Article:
By Brian Hefty
Is it just me or does it seem like we as farmers are constantly under attack from non-farmers? One of the latest issues that has come up is that some people believe bees are being killed by the neonicotinoid insecticide family, which includes Gaucho, Poncho, and Cruiser.
Of course, there are scientists with an opposing view who say almost all bee damage comes from other factors, including diseases and non-pesticide related issues. Here’s our take on this. As I have talked to entomologists, they have told me that there is very little chance a correct seed treatment application (such as CruiserMaxx on soybeans, Poncho on seed corn, or Gaucho on wheat) would ever do much harm to bees. However, the entomologists I’ve visited with believe that a post-emerge application of any of these products is far more likely to kill bees.
If you are spraying insecticide right now on your farm, what this means for you is we recommend you avoid pesticides containing neonicotinoids whenever possible. For example, Leverage and Endigo both contain the active ingredient found in Gaucho. While this may add some residual, we really don’t see any short-term control benefits in most cases. What I’m saying is if you use a different insecticide instead you should be able to get the same bug control without jeopardizing the reputation of the neonicotinoid family.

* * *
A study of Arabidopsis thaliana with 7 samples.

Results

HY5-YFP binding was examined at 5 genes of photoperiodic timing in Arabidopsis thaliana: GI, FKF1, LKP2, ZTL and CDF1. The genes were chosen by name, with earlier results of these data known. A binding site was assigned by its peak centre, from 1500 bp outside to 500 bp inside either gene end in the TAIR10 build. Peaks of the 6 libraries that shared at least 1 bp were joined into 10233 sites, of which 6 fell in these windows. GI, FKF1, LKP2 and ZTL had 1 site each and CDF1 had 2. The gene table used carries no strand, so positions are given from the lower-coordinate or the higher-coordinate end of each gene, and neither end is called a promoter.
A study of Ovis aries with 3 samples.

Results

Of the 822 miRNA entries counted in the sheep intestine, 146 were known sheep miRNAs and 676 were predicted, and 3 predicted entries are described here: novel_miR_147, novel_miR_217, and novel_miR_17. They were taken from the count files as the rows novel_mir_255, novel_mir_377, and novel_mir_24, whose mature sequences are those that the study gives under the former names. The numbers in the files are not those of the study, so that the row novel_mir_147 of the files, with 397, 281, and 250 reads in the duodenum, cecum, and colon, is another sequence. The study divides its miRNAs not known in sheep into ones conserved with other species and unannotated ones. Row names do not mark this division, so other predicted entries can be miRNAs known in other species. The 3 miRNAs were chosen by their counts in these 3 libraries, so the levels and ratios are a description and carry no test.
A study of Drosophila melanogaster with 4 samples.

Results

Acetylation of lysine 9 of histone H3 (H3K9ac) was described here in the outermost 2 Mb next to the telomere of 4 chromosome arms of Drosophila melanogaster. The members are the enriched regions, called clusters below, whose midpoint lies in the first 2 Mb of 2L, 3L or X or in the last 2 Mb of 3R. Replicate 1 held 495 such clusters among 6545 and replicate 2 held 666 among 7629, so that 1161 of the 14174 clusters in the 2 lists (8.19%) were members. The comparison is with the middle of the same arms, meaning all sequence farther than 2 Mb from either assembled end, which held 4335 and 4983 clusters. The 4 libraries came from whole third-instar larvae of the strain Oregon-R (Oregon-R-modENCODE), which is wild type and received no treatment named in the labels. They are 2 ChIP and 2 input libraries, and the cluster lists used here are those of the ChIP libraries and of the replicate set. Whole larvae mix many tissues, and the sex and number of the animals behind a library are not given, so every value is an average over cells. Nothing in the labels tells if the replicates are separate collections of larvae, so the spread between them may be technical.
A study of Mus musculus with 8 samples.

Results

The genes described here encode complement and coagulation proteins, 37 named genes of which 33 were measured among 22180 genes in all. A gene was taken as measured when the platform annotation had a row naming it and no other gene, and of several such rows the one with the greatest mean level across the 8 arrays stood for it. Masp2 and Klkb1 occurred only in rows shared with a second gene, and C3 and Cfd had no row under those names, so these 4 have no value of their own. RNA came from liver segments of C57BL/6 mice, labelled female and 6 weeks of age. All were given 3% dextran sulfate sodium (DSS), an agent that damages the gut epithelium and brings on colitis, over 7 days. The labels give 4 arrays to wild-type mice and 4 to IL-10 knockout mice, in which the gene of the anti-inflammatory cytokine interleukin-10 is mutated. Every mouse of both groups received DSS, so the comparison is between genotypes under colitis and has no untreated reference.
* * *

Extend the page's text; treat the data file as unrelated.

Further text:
Don’t get me wrong. Most insecticides will kill bees if the bees are in the path of the spray application. The big issue is that we simply don’t want to lose the neonicotinoid chemistry family or have its use restricted because when it comes to seed treatments, nothing touches Gaucho, Poncho, and Cruiser in terms of efficacy, human safety, cost, and safety to the seed.
I know that when you read this you may simply say “Leverage and Endigo are labeled. They work fine, and I want to keep using them.” I’m just asking you to look at the big picture. If we lose the neonicotinoid family of seed treatments, we’re in trouble in a lot of different crops. I don’t want that to happen, and I doubt you do either. Worse yet, if environmentalists get their way, taking these products off the market, what’s next? Give it some thought before you make your post-emerge insecticide decisions this year and in the future.